Home to the UK’s fourth largest international airport and boasting a flourishing economy with an ever-expanding business population, Luton is one of the most productive towns in the UK – most prominently known for its significance in the motor, aerospace and pharmaceutical industries.
Back in 2007, the saw Luton rise 27 places to come sixth place for commercial growth across Britain. Despite its town status, it even beat the likes of cities such as Birmingham, Glasgow and Manchester, as well as local competitors such as Reading and Milton Keynes. In 2010, Luton was again praised for its economic output in the East of England Regional Assembly, stating that the desirability of the town will increase its employment rate by at least 16% - to more than 100,000 - by 2031.
As it is, Luton’s workers enjoy an average salary well above the national average – a difference of more than £11,000 compared to figures released in 2014 – with business parks such as and enjoying yearly clientele expansions.
Both start-ups and long-standing corporations look to Luton because of its excellent transport facilities, with the M1, M25 and A1 all within close reach, as well as London Luton Airport, which serves 113 destinations and counting.
According to the , more than 2,467 new companies registered in Luton in 2014 alone; nearly a 14% increase on the previous year. Business analysts are confident that Luton’s reputation as a thriving business hub will only rise further, with sights set on the town achieving city status as it continues to surpass its national rivals.
In the words of Councillor Hazel Simmons, Leader of Luton Borough Council: “Luton is a thriving regional town, proud of its heritage, with a strategic location which presents opportunities for business that are very economically competitive.”
Luton is presently viewed as being synonymous with the motor industry and high-precision engineering, but what many do not know is that the town started out in the hat manufacturing industry.
The industry was so successful that even during the Great Depression in the 1930s, Luton’s unemployment rate was significantly lower compared to elsewhere in the country. As production and the use of materials evolved, the hat industry moved to overseas destinations in North America and Australasia.
By the 1900s, a number of multinational companies moved to Luton, including the chemical firm Laporte, the electrical appliances company Electrolux, as well as who moved their headquarters from London and opened the country’s first large-scale factory here in 1905. For most of the 19th century, Vauxhall was the shining star of Luton. Despite car production ceasing at the site in 2002, in 2011 it was announced that the new Vivaro Vans would be produced here under the Vauxhall, Opel, Nissan and Renault brands - replenishing the area’s motor industry and safeguarding more than 6,000 jobs.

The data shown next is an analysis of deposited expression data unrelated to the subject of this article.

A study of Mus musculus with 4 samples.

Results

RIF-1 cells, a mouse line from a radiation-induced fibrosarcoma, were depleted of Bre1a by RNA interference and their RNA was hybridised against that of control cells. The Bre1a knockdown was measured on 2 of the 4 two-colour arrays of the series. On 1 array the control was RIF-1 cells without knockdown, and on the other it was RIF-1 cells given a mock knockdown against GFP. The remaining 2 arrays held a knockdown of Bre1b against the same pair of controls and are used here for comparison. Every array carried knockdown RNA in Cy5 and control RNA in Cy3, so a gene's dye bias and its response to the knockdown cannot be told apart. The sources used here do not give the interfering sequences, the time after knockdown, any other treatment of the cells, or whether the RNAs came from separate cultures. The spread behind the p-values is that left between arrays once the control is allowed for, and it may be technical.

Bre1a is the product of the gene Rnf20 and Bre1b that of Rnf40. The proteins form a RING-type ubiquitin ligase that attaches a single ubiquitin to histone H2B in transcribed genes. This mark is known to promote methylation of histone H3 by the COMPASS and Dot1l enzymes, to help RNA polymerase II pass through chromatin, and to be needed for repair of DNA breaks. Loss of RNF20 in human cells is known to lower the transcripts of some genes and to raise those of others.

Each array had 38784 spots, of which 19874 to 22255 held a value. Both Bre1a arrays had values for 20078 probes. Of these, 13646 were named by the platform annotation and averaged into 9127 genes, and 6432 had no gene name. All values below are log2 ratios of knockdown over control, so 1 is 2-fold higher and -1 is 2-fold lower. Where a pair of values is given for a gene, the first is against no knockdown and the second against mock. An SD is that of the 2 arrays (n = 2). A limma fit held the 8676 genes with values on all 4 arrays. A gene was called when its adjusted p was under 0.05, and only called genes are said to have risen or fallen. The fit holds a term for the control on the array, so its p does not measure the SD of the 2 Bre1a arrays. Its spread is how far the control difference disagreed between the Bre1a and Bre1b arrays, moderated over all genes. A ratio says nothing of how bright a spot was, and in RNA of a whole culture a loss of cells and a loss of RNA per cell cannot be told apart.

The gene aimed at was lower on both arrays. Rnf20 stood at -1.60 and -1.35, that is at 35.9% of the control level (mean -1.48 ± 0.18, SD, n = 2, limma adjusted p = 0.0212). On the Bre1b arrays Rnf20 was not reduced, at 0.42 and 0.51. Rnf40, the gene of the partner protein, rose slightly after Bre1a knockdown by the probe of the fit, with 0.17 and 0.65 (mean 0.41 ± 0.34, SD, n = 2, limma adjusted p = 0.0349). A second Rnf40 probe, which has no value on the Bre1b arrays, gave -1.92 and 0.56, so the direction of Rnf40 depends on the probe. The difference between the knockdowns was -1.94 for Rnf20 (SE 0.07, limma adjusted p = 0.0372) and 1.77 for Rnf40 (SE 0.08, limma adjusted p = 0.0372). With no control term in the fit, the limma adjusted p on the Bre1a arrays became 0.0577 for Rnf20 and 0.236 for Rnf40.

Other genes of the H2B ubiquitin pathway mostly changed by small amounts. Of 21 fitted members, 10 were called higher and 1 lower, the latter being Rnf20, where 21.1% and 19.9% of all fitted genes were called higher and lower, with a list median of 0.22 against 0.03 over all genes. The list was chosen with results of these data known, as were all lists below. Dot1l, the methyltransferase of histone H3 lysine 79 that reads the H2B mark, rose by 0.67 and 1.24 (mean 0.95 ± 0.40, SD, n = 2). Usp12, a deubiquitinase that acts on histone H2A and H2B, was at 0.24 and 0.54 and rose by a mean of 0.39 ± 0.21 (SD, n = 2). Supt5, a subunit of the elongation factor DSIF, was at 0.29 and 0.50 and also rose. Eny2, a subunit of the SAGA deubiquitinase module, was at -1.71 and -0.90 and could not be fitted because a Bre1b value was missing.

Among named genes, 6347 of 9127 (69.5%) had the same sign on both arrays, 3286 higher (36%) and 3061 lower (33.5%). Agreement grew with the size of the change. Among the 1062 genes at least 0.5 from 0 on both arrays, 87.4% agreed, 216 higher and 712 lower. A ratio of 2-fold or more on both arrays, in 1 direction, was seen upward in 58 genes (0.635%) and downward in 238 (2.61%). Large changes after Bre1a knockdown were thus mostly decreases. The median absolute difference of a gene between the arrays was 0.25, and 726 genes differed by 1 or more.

Big Business Old and New
At a time when many independent retailers face a struggle against the influx of chains, Luton still continues to prosper. The recorded that 85% of Luton’s Bury Park outlets were owned by non-chain retailers – the highest figure found in the UK. Partnering this with a large concentration of engineering and pharmaceutical companies in the area, Luton’s dexterity to both nurture new, independent names and attract long-standing dynamos from the capital and beyond is applaudable.
Considered to be one of the most important areas in the South East for commerce, Luton’s role in the national economy is progressively potent. A few notable companies who headquarter here include:
- (formerly Thomson Holidays)
Back in 1995, easyJet established and headquartered itself in Luton and has since gone on to become the eighth largest airline in the world. Yet another of Luton’s ambitious acquisitions, the Daily Express moved its print and editorial operations from London to Luton in 2011; solidifying its appeal as a regional and national business centre for an increasingly diverse range of industries.
London Luton Airport
Without a doubt, is the area’s most treasured economic asset. From being an RAF base during World War II to now the UK’s fourth biggest airport, reports predict that the airport will contribute a year to the national economy by 2030. Presently it generates £1.3bn for the economy and supports more than 8,000 jobs – accounting for 40% of the town’s employment. Plans are now underway to redevelop the airport by 2020 to cater to the growing capacity of passengers from 12m to 18m per year.
Secret to Success
Whilst the airport, its diversifying business parks and proximity to London are all key features of success, the town’s prosperity and ‘big business’ appeal is also largely down to its adaptive nature. From pioneers of the British hat industry to innovators in motor vehicle production and pharmaceutical research, Luton’s future as a business hub is only set to conquer further feats, making it a fantastic place to work, live and invest.
The Landmark has now successfully sold out. For more information on this development, please click here.
Launching Thursday 21st July 2016, Carlton House will be a fantastic opportunity for first-time buyers looking for a new home on the outskirts of London, promising both affordability and convenience.
From Luton station, which will be just over a 10 minute drive from the development, commuters will be able to reach St Pancras International station in Central London in just 25 minutes.
Properties at Carlton House start from just £139,995 and are expected to reach completion in 2018.
Carlton House has now successfully sold out. For more information on this development, please click here.